There is no doubt that being in and around the building industry environment presents a number of potential dangers: Dust, vapours, vibration, noise, etc
With this in mind we have decided to set some guideline reminders to help our customers visitors and staff to keep safe when they are in an around our yard and sites.
Can you hear me?
- Do you have to raise your voice to have a normal conversation when about 2 m apart for at least part of the day?
- Are there noises because of impacts (eg hammering, drop forging, pneumatic impact tools etc), explosive sources such as cartridge-operated tools or detonators, or guns?
These are just two of the questions raised by the HSS when assessing the risks from noisy environments.
Help us to do what is needed to protect your hearing. Make sure you use properly any noise control devices and follow any working methods that are put in place.
Exposure to any dust in excessive amounts can create respiratory problems. Never assume that any dust is safe. All uncontrolled dusts are potentially hazardous. In particular, any uncontrolled dry process or dusty work activity, especially in an enclosed environment, is likely to create a dust problem.
Control measures usually involve a combination of equipment and ways of working to reduce exposure. The right combination is crucial. No measures, however practical, can work unless they are used properly.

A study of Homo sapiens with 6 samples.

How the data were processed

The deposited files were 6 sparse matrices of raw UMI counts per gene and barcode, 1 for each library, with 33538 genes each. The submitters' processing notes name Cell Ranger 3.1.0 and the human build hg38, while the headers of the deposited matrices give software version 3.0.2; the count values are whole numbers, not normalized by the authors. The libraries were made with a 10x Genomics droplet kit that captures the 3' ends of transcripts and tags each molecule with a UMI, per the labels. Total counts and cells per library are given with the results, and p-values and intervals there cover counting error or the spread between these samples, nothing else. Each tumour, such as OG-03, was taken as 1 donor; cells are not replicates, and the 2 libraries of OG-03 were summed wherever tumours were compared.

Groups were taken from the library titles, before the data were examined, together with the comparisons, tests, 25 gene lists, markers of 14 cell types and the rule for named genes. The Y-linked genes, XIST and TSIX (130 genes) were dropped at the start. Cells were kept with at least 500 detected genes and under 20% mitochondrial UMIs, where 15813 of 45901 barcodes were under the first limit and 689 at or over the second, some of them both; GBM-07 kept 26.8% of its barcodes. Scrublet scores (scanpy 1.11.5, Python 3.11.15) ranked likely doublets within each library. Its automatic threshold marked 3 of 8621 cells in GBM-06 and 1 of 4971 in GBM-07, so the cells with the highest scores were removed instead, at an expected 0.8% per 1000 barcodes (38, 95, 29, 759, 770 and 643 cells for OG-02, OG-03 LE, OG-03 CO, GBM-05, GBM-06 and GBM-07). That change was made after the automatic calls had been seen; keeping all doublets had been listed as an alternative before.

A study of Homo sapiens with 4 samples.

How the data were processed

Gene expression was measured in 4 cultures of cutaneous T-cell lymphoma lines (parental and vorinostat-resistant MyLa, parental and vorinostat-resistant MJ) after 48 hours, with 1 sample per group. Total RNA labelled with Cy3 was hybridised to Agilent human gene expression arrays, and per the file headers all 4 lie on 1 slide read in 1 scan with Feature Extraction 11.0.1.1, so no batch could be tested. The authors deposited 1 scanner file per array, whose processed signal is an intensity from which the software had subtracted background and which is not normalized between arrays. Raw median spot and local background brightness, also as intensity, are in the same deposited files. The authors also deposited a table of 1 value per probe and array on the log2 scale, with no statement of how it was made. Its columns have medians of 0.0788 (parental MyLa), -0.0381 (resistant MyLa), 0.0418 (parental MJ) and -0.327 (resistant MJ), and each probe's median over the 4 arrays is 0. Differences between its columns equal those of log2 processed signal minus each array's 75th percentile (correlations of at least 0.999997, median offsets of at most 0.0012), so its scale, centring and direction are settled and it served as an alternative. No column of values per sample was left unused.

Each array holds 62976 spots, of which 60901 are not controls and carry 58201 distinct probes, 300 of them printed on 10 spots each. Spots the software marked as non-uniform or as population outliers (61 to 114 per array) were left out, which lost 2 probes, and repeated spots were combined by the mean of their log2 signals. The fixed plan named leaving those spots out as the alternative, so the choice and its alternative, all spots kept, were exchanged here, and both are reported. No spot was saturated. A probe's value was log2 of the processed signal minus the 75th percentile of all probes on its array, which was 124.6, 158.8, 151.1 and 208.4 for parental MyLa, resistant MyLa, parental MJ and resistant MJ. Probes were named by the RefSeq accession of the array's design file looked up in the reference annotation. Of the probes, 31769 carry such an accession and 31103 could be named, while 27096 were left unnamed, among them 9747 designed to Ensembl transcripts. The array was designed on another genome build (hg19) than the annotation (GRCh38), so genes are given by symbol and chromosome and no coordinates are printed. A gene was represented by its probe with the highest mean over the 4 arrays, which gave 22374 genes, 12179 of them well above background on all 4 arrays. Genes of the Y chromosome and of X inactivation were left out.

Protracted periods of time working outside in sunny conditions require us all to take extra care. It’s is especially important for outdoor workers to take precautions against exposure to the sun. Tempting as it might be to think that because you are out in all weathers that you have some kind of built in immunity you don’t!
Sunscreens, shade, hats and covering up when possible are all vitally important to keeping you safe from exposure to potential skin problems ranging from burns to cancer.
Many of the tools associated with roofing work can contibute to Hand arm vibration syndrome(HAVS) resulting from prolonged exposure to vibration, specifically to the hands and forearms while using vibrating tools. Symptoms include numbness, tingling, and loss of nerve sensitivity.
Keeping up to date with checks and servicing is crucially important as are taking regular breaks and using the right toll for the job.
What’s that smell?
Volatile Organic Compounds know as VOCs can be found in many substances associated with the building industry and carry health effects including; Eye, nose and throat irritation, Headaches, damage to liver, kidney and central nervous system, Some o can cause cancer in animals, some are suspected or known to cause cancer in humans.
When using these substances reduce exposure by increasing ventilation and Meet or exceed any label precautions.